What to Know Before You Connect to a Wi-Fi Hotspot

Protecting your online privacy in public

Many people don't think twice about logging in to the free Wi-Fi at their favorite coffee shop or using the wireless network in a hotel when traveling, but open wireless networks are targets for hackers and identity thieves. Before you connect to a Wi-Fi hotspot, protect your personal and business information and your mobile devices using these security guidelines.

Don't Allow Automatic Connections to Non-Preferred Networks

On your device, disable the setting to automatically connect to non-preferred networks. If this setting is enabled, your computer or mobile device automatically connect to any available network, including rogue or bogus Wi-Fi networks designed to lure unsuspecting data victims. It does this without notifying you or asking permission.

Enable or Install a Firewall

A firewall is the first line of defense for your computer (or network, when the firewall is installed as a hardware device). Firewalls are designed to prevent unauthorized access. Firewalls screen incoming and outgoing access requests to make sure they are legitimate and approved.

Both Windows and macOS operating systems have built-in firewalls that should be enabled, especially before connecting to a public Wi-Fi hotspot. You can also install third-party firewall software if you need more control of the firewall settings and rules.

Turn File Sharing Off

When you use a private network, it's safe to turn on file sharing or store files in a Shared Documents or Public folder. Before you connect to a public Wi-Fi hotspot, disable file and printer sharing so that other hotspot users don't have access to your shared files.

Only Log on to Secure Websites

Don't use a public, open Wi-Fi hotspot for anything that has to do with money (online banking and shopping, for example) or where the information stored and transferred is sensitive. If you need to log in to any sites, including web-based email, make sure your browsing session is encrypted and secure. The address bar should show a URL that begins with HTTPS (encrypted) rather than HTTP (not encrypted). You may also see a padlock in the address bar that means the site is secure.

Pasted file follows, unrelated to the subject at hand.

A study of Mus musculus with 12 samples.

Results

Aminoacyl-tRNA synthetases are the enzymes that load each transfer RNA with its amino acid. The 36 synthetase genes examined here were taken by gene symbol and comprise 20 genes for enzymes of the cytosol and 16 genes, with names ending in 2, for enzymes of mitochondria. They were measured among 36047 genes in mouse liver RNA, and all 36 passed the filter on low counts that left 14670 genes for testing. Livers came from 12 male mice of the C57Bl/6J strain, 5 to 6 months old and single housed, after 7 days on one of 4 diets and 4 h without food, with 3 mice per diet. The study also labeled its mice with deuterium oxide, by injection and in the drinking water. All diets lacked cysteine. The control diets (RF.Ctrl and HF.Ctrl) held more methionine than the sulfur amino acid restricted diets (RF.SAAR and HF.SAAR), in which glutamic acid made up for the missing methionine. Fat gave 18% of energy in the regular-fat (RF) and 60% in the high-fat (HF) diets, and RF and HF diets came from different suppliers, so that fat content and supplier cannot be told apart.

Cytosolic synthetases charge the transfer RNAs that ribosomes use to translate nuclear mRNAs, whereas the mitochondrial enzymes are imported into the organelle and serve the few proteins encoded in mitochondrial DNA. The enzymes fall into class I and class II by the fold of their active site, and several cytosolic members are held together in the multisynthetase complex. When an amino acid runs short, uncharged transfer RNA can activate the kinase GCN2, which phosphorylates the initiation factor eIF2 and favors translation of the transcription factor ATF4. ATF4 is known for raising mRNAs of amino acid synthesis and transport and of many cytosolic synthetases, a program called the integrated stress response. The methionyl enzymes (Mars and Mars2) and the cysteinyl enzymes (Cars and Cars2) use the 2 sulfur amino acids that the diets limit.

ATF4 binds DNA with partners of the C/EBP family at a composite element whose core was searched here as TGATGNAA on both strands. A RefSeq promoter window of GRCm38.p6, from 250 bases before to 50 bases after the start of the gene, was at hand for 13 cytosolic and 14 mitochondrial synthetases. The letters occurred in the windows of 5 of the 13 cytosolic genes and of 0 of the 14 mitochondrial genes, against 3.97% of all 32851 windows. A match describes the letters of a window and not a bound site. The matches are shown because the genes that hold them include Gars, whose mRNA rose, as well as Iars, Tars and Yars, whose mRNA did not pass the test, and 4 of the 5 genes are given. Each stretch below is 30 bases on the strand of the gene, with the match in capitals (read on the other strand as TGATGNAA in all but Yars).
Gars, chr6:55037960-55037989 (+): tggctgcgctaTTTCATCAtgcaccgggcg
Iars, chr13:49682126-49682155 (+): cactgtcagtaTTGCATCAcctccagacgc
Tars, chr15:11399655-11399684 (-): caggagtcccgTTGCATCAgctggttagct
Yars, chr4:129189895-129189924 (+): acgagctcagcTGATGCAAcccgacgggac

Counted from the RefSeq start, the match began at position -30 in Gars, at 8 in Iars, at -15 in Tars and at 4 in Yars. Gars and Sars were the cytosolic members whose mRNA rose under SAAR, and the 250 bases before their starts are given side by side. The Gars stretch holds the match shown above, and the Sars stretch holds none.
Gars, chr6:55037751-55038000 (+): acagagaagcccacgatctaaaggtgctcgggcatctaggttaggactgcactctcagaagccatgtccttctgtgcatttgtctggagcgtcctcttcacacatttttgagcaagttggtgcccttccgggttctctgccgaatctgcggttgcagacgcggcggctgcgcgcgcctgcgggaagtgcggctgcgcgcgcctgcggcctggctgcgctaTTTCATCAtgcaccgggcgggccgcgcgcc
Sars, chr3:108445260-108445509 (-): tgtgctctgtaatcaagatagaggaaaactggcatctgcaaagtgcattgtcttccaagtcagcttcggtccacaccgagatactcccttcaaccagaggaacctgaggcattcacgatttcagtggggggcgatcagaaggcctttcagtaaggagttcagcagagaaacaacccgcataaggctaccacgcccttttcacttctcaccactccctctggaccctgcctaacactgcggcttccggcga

Most instant messaging programs are encrypted, with caveats. For example, Google Hangouts and Apple iMessage messages are encrypted between your device and their servers, although these companies do have access to the messages on their servers.

To enable end-to-end encryption of Facebook Messenger, move the Secret slider in the top right corner of the composition window to the right.

The secret conversation slider in Facebook Messenger

Use a Virtual Private Network

A virtual private network (VPN) creates a secure tunnel over a public network. If your company provides VPN access, use the VPN connection to access corporate resources and create secure browsing sessions.

Remote access solutions such as LogMeIn also create a secure tunnel to a second computer at home, from which you can access files or do other computing. Or, use a free personal VPN service such as Hotspot Shield, which is designed specifically for protection over an unsecured network.

Beware of Physical Threats

The risks of using a public Wi-Fi hotspot aren't limited to fake networks, data interception, and hacking. A security breach could be as simple as someone looking over your shoulder to see what sites you visit and what you type.

Busy public locations such as airports and coffee shops are prime risk areas for laptop theft. This makes physical security measures such as laptop security cables and privacy screens important.

Privacy protection isn't the same as security. Many applications mask your computer address and conceal your online activities. These solutions only protect your privacy, they don't encrypt data or protect your computer from malicious threats. If you use an anonymizer to hide your internet activity, take security precautions when accessing open, unsecured networks.